Filed under: artists, contemporary art, exhibition, photos | Tags: exhibition, photos
No Time to Lose is a response to the systemic decline of personal time being experienced by people in various parts of the world due to increased hours spent working. Through an exhibition and program of events, it draws attention to the unsustainability of social and economic systems that do not afford people sufficient time outside of work. It also addresses the individual and civic costs associated with insufficient time to attend to health, relationships, community, and politics.
No Time to Lose is envisioned as a contribution to global efforts directed at motivating and mobilizing people to trust their instincts and take back their time. As such, it features artwork that encourages audiences to disengage from their stressful routines and consider what they are losing because of an unbalanced lifestyle. Additionally, projects suggest how individuals might be able to make changes for the better. The tone of the exhibition conveys a careful balance between conceptual engagement and motivational empowerment tempered with a good sense of humor.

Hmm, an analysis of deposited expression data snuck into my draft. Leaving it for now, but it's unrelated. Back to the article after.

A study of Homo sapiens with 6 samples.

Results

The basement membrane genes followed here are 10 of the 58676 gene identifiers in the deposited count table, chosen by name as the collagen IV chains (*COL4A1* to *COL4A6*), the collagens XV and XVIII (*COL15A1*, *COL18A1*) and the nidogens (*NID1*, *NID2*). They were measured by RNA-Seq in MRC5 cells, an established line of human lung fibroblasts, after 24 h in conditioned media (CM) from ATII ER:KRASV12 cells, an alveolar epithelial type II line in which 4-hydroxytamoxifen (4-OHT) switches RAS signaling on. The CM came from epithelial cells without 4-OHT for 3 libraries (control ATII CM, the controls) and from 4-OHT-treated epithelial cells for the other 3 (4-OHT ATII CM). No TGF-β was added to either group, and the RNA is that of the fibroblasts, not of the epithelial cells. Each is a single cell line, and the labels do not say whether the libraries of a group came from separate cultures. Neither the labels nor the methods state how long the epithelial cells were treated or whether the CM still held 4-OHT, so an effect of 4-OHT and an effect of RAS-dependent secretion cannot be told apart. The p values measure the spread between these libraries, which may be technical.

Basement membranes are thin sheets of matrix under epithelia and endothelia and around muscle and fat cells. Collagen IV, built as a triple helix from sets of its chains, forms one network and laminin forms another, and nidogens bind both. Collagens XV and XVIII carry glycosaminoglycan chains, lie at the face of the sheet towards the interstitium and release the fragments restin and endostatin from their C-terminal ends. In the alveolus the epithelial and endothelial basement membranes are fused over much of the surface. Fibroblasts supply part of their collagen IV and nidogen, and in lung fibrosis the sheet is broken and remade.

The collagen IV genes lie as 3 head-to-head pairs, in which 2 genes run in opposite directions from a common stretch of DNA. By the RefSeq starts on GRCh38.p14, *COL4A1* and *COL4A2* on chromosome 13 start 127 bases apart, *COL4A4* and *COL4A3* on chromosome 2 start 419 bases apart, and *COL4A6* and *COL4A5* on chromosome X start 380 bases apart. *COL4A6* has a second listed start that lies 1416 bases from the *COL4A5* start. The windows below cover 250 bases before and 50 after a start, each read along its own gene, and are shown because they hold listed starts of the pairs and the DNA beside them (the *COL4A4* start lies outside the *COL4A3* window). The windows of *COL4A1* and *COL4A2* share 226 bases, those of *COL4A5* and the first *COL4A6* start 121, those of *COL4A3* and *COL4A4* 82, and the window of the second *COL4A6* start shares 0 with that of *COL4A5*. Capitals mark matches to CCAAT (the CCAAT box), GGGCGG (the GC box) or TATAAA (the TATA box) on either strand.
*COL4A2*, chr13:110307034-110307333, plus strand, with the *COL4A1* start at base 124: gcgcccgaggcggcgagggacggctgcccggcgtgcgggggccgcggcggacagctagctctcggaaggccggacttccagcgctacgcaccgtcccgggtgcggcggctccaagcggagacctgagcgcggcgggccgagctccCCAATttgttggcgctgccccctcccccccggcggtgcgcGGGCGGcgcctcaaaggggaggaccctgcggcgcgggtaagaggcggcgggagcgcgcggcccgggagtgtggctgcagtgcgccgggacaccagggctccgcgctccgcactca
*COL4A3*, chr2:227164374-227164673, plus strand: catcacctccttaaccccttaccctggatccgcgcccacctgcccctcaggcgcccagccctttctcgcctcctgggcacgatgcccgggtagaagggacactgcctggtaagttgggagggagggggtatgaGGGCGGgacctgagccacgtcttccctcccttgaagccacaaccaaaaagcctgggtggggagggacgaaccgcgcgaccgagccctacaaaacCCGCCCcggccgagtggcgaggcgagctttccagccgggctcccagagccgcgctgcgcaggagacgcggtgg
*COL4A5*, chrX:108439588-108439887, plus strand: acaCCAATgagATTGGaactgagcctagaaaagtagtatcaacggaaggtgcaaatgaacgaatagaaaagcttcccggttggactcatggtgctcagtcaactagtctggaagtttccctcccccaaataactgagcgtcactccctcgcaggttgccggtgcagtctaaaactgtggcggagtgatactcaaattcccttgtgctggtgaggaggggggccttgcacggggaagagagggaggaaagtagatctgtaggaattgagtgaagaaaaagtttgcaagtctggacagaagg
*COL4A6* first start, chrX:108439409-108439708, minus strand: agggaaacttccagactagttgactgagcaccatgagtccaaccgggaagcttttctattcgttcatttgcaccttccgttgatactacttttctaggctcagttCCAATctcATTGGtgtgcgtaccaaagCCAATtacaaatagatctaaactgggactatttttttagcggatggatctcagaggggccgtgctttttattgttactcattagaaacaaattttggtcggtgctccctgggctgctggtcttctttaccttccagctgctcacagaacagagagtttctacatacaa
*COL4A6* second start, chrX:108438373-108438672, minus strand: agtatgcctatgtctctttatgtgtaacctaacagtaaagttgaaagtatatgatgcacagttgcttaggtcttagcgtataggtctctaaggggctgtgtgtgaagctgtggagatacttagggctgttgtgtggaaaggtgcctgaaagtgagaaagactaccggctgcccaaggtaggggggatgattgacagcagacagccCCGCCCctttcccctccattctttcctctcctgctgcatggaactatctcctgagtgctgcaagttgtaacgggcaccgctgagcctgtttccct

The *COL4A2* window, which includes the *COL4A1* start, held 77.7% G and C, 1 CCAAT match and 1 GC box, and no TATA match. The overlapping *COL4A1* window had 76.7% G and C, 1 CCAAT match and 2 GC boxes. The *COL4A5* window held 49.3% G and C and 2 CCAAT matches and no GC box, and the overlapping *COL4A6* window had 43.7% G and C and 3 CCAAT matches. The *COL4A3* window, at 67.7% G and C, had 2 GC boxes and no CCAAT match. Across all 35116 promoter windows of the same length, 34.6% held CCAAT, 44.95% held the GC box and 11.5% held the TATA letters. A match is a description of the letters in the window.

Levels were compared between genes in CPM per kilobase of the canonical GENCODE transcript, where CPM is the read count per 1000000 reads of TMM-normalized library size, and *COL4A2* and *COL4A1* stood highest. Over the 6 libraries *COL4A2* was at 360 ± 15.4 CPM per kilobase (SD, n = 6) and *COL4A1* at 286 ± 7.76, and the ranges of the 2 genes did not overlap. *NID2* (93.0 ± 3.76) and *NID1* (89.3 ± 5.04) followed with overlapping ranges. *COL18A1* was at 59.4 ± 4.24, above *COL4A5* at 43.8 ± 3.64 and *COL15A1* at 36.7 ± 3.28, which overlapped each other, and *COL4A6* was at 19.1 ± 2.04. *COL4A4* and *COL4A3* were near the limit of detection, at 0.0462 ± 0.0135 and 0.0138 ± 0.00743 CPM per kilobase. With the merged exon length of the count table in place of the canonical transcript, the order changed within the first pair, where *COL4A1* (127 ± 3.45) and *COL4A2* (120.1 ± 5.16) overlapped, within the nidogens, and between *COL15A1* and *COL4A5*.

No Time to Lose seeks to facilitate participation for a range of audiences. For example, gallery visitors will have the chance to engage in exploration and conversation, while unsuspecting individuals can experience moments of difference by encountering performance and/or installation-based interventions deployed in public spaces. Audiences from other distant cities will also be able to participate through online forums designed to foster solidarity across geographical borders.
No Time to Lose offers new and recent work by international artists. Featured media include performance, installation, video, and new media, as well as interdisciplinary and collaborative projects.
Saki Satom, Desk Project, 2005. Video installation. Photo by Michael Franke.
Featured Artists: Amy Alexander (USA), Cathy Busby (Canada), Anja Hertenberger (Germany/Netherlands) & Anja Steidinger (Germany/Spain), Saki Satom (Japan/UK), Abigail Schoneboom (UK/USA), and Tobaron Waxman (Canada/USA).